For those who want to keep their private life private, to declare their love covertly, Glasgow, Scotland, jeweler Eric N. Smith has the answer: a range of bespoke luxury jewelry embedded with round and rectangular diamonds which, like dots and dashes, spell out messages in Morse code, the Financial Times (FT) reports.
The collection will be launched at the International Jewelry Show in London in September, but is already proving a winner for Smith, trained at Glasgow School of Art, who set up business 27 years ago and regularly supplies Bond Street stores.
Morse code-invented by American Samuel Morse in 1837, and for years the international language for distress at sea-has been replaced by satellite technology. But an estimated 50 million people worldwide are still familiar with it, and Smith thinks there’s a lot of mileage in his brainchild.
A keen amateur yachtsman qualified in Morse, Smith had the idea while doing sketches for a new collection last year. It struck him that the sequence of round and rectangular stones bore a striking similarity to Morse code’s dots and dashes.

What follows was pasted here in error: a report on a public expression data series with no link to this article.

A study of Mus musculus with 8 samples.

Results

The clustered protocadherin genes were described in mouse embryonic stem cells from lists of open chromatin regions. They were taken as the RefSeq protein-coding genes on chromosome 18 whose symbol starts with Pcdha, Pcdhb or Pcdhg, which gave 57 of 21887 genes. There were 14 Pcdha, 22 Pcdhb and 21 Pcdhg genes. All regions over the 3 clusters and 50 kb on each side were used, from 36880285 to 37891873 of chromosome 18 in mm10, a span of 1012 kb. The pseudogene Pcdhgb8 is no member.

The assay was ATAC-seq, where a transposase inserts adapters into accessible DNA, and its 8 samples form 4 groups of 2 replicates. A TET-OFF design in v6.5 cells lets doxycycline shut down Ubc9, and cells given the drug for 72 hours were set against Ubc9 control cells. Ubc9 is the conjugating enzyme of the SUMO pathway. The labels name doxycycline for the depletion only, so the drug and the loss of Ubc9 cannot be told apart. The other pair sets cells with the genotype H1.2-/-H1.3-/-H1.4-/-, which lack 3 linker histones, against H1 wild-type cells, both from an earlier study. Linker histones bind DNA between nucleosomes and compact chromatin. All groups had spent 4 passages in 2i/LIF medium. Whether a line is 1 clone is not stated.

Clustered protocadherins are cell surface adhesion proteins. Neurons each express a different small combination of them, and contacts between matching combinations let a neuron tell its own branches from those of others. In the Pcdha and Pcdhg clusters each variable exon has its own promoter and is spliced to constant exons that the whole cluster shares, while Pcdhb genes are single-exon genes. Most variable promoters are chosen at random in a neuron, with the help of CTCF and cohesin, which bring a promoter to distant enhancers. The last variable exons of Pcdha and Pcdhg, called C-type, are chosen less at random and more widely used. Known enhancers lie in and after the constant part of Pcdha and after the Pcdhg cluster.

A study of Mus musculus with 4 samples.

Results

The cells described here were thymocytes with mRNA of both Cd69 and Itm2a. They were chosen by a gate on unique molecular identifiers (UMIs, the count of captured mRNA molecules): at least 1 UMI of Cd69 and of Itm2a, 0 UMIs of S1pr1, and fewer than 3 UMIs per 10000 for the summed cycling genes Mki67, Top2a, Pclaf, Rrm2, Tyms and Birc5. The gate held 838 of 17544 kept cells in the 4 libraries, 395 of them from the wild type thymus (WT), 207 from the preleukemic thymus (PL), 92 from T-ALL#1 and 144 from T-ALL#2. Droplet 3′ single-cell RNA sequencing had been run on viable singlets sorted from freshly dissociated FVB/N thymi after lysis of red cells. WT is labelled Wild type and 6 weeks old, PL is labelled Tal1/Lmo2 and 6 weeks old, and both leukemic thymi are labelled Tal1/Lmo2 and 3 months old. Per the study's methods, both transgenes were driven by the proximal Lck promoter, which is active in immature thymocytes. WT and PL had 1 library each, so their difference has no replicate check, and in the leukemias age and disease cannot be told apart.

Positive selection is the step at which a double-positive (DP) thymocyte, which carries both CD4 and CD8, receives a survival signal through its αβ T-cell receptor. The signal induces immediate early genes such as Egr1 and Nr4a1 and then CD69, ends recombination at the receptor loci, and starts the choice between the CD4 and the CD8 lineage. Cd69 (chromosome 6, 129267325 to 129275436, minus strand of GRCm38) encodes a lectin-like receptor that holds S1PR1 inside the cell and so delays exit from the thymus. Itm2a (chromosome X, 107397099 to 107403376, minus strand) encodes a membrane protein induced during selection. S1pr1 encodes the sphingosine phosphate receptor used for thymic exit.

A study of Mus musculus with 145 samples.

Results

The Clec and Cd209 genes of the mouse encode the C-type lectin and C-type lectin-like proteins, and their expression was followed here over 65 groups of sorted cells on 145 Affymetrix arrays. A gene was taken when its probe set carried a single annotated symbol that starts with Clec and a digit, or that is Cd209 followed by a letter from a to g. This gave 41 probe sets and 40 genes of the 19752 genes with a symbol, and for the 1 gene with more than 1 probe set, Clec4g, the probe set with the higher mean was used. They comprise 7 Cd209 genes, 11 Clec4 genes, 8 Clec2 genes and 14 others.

Experimenting on a ring with the Morse equivalent of the word ”Always,” he found it possible to fit the required number of diamonds on the gold band, and the covert collection was born.
Smith generally embeds diamonds in yellow and white gold, to create unique rings, bangles, pendants, earrings and cufflinks. Because each piece is made to order, any precious stone and metal combination is possible. A copy of the Morse translation is also provided with each piece, so the recipient gets the message.
There are people for whom even Morse is not obscure enough. “One client from Los Angeles has a wife who loves unraveling ciphers, secret messages and that sort of thing,” says Smith. “He was on the internet looking for a gift, saw our website and ordered a ring with a message, part of the surprise being that she has to work out what the symbols are in the first place – and then what they mean.”
Prices start at £500 ($686 U.S.). If you want to cut the expense, it’s best to pick phrases heavy on the letter E, which in Morse is represented by a single dot, the least expensive symbol to replicate.